2005 Prospects: Guillaume Latendresse

By Simon Richard

Dany Roussin: The overlooked Oceanic

If Sidney Crosby weren’t so dominant in QMJHL, there would be much more talk about another 16-year-old rookie playing in the Quebec’s league. His name is Guillaume Latendresse.

This 6’2’’ and 215-pound left winger, born on May 24th 1987 in Ville LaSalle, Quebec, has the size, the strength and the talent to become a power forward in the NHL.

Latendresse is already the leader of QMJHL Drummondville Voltigeurs. Playing on the first line of his team, with three games remaining in the regular season, he leads his team with 11 powerplay goals. He is also ahead of his teammates with a +14 plus/minus, which is very good, considering that only five of his teammates have a positive record in this domain.

The younger brother of QMJHL Val d’Or Foreur Olivier Latendresse, Guillaume missed few games due to injuries. He managed to average close to a point per game, recording 23 goals and 25 assists in 51 games. That ranks him fourth among the scoring leaders of his team and sixth among the league rookies. Indeed, only Crosby has more points than Latendresse among 16-year-olds.

Latendresse is also very much appreciated for his propensity for distributing hits to opponents. He gave 129 body checks so far this season, which places him second in his team. Among QMJHL rookies, the only one who gave more body checks than Latendresse is Acadie-Bathurst Titans 18-year-old James Rhynold.

In the shadow of Crosby

Prior to the first visit of the season to Drummondville of Crosby and his teammates on February 20th, Hockey’s Future spoke to Latendresse in the Marcel-Dionne Coliseum in Drummondville. He was very disappointed because at the last minute he was pulled out of the roster due to a minor groin injury.

“I will miss that meeting before our fans, but I’ll be there for sure when Rimouski will be here again later in March,” stated Latendresse. So he did on March 6th, superbly.

That night, lead by Latendresse, Drummondville Voltigeurs outscored their much stronger opponents 8-3. With one goal and two assists, Latendresse not only outshined the famous Rimouski rookie but he also earned the First Star of the Game.

Making comparisons is part of the sport. Drummondville Voltigeurs coach Dominic Ricard is very proud to have Latendresse in his roster. “There are a lot of talk about Crosby and he deserves it but the impact of Guillaume in our team is as much important as Crosby’s one with Rimouski,” said Ricard prior to the first visit of Rimouski in Drummondville last February.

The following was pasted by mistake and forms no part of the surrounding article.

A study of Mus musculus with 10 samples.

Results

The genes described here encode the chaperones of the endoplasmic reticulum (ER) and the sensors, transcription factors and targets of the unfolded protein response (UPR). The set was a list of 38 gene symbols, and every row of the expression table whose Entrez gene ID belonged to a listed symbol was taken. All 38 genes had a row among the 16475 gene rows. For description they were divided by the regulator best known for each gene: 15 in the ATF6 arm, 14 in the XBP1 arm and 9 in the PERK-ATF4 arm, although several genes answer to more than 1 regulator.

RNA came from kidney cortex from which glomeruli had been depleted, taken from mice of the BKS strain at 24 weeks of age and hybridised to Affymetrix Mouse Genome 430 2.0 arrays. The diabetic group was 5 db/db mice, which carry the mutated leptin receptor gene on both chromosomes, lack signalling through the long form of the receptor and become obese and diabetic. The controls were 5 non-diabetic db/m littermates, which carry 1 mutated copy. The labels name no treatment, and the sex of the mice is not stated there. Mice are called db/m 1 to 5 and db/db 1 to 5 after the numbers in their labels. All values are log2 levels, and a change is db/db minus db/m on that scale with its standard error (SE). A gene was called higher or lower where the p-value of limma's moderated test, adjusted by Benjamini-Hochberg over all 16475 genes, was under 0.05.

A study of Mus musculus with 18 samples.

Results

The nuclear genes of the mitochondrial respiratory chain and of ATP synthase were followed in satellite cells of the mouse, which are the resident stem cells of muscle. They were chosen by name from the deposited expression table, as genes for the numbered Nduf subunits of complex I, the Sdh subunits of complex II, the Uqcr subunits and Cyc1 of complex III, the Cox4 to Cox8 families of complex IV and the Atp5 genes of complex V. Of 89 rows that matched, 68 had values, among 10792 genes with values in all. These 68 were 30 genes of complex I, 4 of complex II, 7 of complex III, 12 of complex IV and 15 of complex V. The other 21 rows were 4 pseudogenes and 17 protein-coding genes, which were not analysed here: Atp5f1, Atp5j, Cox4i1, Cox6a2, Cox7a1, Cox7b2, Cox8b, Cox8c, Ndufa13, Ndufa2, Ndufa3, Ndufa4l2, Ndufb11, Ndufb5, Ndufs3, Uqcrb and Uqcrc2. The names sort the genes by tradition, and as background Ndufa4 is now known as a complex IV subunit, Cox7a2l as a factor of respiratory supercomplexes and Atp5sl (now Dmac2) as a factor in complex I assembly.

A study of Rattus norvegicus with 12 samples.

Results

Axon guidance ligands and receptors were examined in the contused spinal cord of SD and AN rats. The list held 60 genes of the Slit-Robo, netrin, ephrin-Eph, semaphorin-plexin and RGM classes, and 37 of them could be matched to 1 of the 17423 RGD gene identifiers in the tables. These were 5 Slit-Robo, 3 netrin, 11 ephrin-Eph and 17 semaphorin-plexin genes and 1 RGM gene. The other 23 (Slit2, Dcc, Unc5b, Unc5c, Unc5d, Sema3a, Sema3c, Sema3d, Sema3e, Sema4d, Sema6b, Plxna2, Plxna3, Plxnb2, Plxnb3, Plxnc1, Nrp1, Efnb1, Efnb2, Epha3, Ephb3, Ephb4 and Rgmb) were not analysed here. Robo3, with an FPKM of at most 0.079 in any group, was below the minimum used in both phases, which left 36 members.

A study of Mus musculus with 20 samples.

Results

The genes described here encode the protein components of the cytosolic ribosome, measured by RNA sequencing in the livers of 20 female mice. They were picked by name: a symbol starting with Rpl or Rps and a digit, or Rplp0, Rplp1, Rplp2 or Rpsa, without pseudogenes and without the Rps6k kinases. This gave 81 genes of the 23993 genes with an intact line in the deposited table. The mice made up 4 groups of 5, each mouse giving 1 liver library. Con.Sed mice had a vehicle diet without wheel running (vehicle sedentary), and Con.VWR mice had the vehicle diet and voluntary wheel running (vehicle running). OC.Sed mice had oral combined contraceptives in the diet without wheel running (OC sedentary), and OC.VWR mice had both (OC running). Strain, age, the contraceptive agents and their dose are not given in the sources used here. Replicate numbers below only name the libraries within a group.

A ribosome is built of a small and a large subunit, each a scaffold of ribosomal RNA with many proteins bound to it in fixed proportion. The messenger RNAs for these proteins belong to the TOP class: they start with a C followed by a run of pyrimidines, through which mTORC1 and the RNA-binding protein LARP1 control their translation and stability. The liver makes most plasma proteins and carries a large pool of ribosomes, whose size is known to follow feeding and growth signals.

“He is a franchise player for us,” commented Drummondville general manager Michel Georges that night. “You know, Guillaume can’t count on the support of great players like [Rimouski Oceanics] Dany Roussin and Marc-Antoine Pouliot, added Georges.

In some ways, Latendresse’s destiny seems to be linked with Crosby’s. The Drummondville left winger played against Crosby at the 2001-02 Air Canada Cup. At the 2003 QMJHL Midget Draft Selection, Latendresse was selected just next to the Cole Harbour native.

“I know him personally, we have the same agent, Pat Brisson. Next summer in LA, it will be my third Brisson’s camp and we will again spend two weeks together with players coming from all over the world,” commented Latendresse.

A great man on and off the ice

Undoubtedly, Guillaume Latendresse has natural talent. He is one of those very rare players who never played at the bantam level, having played for midget AAA College Charles-Lemoyne Riverains right from pee-wee AA.

According to Dominic Ricard, Latendresse brings a lot of robustness and energy to his team. “He loves to play hockey, is easy to coach and he already receives a lot of respect from his teammates,” stated Ricard. “He is a complete package: he scores goals, passes the puck very well, likes to play in the traffic and plays as well in the visitors ice rinks than at home, added Ricard.

“He is remarkable, he plays with confidence and creates a lot of confidence around him,” stated Michel Georges. “At first, we thought we could keep him four years with us [until 19], but the way he played lately I now doubt about it,” added Georges.

“Latendresse has a great personality,” also said Georges. “He is completing his secondary school and has success doing it, even if it is really not easy to do so while playing at junior level,” he outlined. “Truly, if you have a young girl aged 16 or 17, you simply hope to have a son-in-law like Guillaume,” concluded Georges talking about Latendresse character off the ice.

“I don’t have a specific role model, but I try to play as [Vancouver Canucks] Todd Bertuzzi,” noted Latendresse on February 20th. Questioned about what he considers he must improve, Latendresse pointed out his skating.

Latendresse was the best player of the Quebec Team at the 2004 World Under-17 Hockey Challenge in St.John’s, NL. He ranked as the seventh scoring leader of the tournament with 4 goals and 6 assists.

He now hopes to be selected on U-18 Team Canada next summer. The next season will be crucial for him. A great one could place him again just next to Crosby at the 2005 NHL Entry Draft.


Simon Richard is the author of La Serie du siecle, Septembre 1972, a book about the Summit Series published in 2002.